Those human-like teeth you see above on that fish have not been Photoshopped on, it’s just a Pacu, the name used in the aquarium trade to refer to several common species of omnivorous South American freshwater fish that are related to the piranha. Whereas piranha have pointed, razor-sharp teeth in a pronounced underbite, pacu have squarer, straighter teeth, like a human, and a less severe underbite, or a slight overbite. Continue reading for more bizarre crates you won’t believe exist.
5. House Centipede
The house centipede is typically yellowish-grey color with up to 15 pairs of legs. Originating in the Mediterranean region, the species has spread to other parts of the world, where it can live in human homes. House centipedes feed on spiders, bed bugs, termites, cockroaches, silverfish, ants, and other household arthropods. They administer venom through modified legs. These are not part of their mandibles, so strictly speaking they sting rather than bite.
4. Tarantula Hawk
A tarantula hawk is a spider wasp which hunts tarantulas as food for its larvae. The vivid coloration found on the bodies, and especially wings, of these wasps is an aposematism, advertising to potential predators the wasps’ ability to deliver a powerful sting. Their long legs have hooked claws for grappling with their victims. The stinger of a female Pepsis grossa can be up to 7 mm (1/3 in) long, and the sting is considered the second most painful insect sting in the world.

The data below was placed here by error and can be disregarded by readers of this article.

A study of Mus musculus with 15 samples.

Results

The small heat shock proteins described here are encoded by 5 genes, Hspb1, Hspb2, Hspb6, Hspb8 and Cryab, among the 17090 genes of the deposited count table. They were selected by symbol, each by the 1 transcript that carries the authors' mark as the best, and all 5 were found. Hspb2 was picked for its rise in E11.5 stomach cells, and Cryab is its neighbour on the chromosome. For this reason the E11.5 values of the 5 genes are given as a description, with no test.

A dobsonfly is any insect of the subfamily Corydalinae, part of the megalopteran family Corydalidae. Both sexes of most species have long mandibles. Though the mandibles of females are shorter, they are stronger and can be used to bite. Males can have very long, curving mandibles that look like scimitars. These are likely secondary sex characteristics used for competition or to attract females.
2. Kinabalu Giant Red Leech
The Kinabalu Giant Red Leech is a large bright orange-red coloured leech that is endemic to Mount Kinabalu, Borneo. It can grow to a length of 30 cm (12 in). It’s not hematophagic and feeds only on worms such as the Kinabalu giant earthworm. The leech lives in the damp leaf litter and soil that often accumulates in fissures. It can be found in Kinabalu Park at an elevation of 2,500 to 3,000 metres (8,200 to 9,800 ft) where the trail runs over a rocky outcrop near to the Mempening and Paka Cave shelters.
1. Bobbit Worm
Bobbit worms bury their long bodies into an ocean bed composed of gravel, mud, or corals, where it waits patiently for a stimulus to one of its five antennae, attacking when it senses prey. Armed with sharp teeth, it is known to attack with such speeds, its prey is sometimes sliced in half. Although the worm hunts for food, it is omnivorous.